Don’t Buy Profile Systems & Software A.E. (ATH:PROF) Until You Understand Its ROCE

Today we’ll look at Profile Systems & Software A.E. (ATH:PROF) and reflect on its potential as an investment. In particular, we’ll consider its Return On Capital Employed (ROCE), as that can give us insight into how profitably the company is able to employ capital in its business.

First, we’ll go over how we calculate ROCE. Second, we’ll look at its ROCE compared to similar companies. Then we’ll determine how its current liabilities are affecting its ROCE.

What is Return On Capital Employed (ROCE)?

ROCE is a measure of a company’s yearly pre-tax profit (its return), relative to the capital employed in the business. Generally speaking a higher ROCE is better. In brief, it is a useful tool, but it is not without drawbacks. Renowned investment researcher Michael Mauboussin has suggested that a high ROCE can indicate that ‘one dollar invested in the company generates value of more than one dollar’.

How Do You Calculate Return On Capital Employed?

The formula for calculating the return on capital employed is:

Return on Capital Employed = Earnings Before Interest and Tax (EBIT) ÷ (Total Assets – Current Liabilities)

Or for Profile Systems & Software A.E:

0.082 = €2.0m ÷ (€36m – €12m) (Based on the trailing twelve months to December 2018.)

So, Profile Systems & Software A.E has an ROCE of 8.2%.


ROCE can be useful when making comparisons, such as between similar companies. It appears that Profile Systems & Software A.E’s ROCE is fairly close to the Software industry average of 7.7%. Separate from how Profile Systems & Software A.E stacks up against its industry, its ROCE in absolute terms is mediocre; relative to the returns on government bonds. Readers may find more attractive investment prospects elsewhere.

Our data shows that Profile Systems & Software A.E currently has an ROCE of 8.2%, compared to its ROCE of 5.1% 3 years ago. This makes us think the business might be improving.

ATSE:PROF Past Revenue and Net Income, May 24th 2019
ATSE:PROF Past Revenue and Net Income, May 24th 2019

Remember that this metric is backwards looking – it shows what has happened in the past, and does not accurately predict the future. ROCE can be deceptive for cyclical businesses, as returns can look incredible in boom times, and terribly low in downturns. ROCE is, after all, simply a snap shot of a single year. If Profile Systems & Software A.E is cyclical, it could make sense to check out this free graph of past earnings, revenue and cash flow.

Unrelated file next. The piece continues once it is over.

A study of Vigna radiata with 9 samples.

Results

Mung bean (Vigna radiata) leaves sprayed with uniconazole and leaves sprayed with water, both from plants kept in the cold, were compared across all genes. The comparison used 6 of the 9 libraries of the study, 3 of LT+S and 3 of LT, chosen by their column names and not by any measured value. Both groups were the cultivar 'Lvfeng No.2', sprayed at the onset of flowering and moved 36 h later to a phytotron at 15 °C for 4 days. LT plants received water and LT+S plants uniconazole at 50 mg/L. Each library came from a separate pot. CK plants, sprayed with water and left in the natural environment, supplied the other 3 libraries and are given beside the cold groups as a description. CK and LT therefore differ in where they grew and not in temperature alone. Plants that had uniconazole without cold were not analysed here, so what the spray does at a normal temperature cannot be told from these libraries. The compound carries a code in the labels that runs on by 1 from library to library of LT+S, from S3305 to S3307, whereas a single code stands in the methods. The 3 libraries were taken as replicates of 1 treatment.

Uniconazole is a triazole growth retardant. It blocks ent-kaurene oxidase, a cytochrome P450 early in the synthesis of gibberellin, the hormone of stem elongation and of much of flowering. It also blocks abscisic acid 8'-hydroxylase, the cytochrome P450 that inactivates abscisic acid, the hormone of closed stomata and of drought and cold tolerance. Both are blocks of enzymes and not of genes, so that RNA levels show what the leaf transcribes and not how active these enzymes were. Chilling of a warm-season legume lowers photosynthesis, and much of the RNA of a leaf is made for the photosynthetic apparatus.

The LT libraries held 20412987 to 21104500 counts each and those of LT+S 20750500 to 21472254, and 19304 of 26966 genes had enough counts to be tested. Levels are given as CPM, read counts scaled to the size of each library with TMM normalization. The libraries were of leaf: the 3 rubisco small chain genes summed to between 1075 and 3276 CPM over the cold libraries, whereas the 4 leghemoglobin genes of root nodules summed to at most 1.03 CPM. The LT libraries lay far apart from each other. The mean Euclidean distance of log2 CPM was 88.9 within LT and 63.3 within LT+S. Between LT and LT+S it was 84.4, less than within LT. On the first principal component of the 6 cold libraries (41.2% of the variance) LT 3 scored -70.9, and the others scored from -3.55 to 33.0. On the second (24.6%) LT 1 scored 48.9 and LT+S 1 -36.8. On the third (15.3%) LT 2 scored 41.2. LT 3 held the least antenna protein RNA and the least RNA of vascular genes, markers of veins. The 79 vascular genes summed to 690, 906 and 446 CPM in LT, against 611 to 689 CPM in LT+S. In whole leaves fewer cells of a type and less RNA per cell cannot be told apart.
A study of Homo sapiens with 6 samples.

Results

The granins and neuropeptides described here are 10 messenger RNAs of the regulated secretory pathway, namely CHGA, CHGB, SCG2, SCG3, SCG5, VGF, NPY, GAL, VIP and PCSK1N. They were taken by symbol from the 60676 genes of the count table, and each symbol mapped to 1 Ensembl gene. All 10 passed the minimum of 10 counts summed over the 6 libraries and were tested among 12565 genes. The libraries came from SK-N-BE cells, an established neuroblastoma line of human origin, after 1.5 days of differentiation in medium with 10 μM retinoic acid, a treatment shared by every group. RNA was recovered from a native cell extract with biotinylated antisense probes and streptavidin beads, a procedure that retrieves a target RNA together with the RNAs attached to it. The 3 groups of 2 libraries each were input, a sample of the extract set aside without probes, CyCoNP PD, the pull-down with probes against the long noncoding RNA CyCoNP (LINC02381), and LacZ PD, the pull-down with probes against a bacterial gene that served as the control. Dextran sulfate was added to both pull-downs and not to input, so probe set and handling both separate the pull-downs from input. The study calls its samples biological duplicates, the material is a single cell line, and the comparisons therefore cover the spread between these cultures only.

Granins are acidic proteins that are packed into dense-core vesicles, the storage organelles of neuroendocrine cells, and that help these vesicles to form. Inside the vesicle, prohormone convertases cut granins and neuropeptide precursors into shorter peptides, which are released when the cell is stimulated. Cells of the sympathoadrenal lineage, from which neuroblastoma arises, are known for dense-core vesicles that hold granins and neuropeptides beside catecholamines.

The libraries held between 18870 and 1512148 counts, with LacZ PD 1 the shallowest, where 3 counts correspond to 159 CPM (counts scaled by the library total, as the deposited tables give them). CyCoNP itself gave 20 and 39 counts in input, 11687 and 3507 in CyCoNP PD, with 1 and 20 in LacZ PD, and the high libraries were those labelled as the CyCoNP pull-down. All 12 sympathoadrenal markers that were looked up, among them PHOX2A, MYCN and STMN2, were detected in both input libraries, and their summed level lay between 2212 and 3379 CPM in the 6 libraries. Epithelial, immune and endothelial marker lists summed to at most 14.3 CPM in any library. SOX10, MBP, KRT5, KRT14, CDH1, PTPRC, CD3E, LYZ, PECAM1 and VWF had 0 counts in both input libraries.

How Profile Systems & Software A.E’s Current Liabilities Impact Its ROCE

Liabilities, such as supplier bills and bank overdrafts, are referred to as current liabilities if they need to be paid within 12 months. The ROCE equation subtracts current liabilities from capital employed, so a company with a lot of current liabilities appears to have less capital employed, and a higher ROCE than otherwise. To counteract this, we check if a company has high current liabilities, relative to its total assets.

Profile Systems & Software A.E has total liabilities of €12m and total assets of €36m. Therefore its current liabilities are equivalent to approximately 34% of its total assets. Profile Systems & Software A.E’s middling level of current liabilities have the effect of boosting its ROCE a bit.

What We Can Learn From Profile Systems & Software A.E’s ROCE

With this level of liabilities and a mediocre ROCE, there are potentially better investments out there. Of course, you might find a fantastic investment by looking at a few good candidates. So take a peek at this free list of companies with modest (or no) debt, trading on a P/E below 20.

For those who like to find winning investments this free list of growing companies with recent insider purchasing, could be just the ticket.

We aim to bring you long-term focused research analysis driven by fundamental data. Note that our analysis may not factor in the latest price-sensitive company announcements or qualitative material.

If you spot an error that warrants correction, please contact the editor at editorial-team@simplywallst.com. This article by Simply Wall St is general in nature. It does not constitute a recommendation to buy or sell any stock, and does not take account of your objectives, or your financial situation. Simply Wall St has no position in the stocks mentioned. Thank you for reading.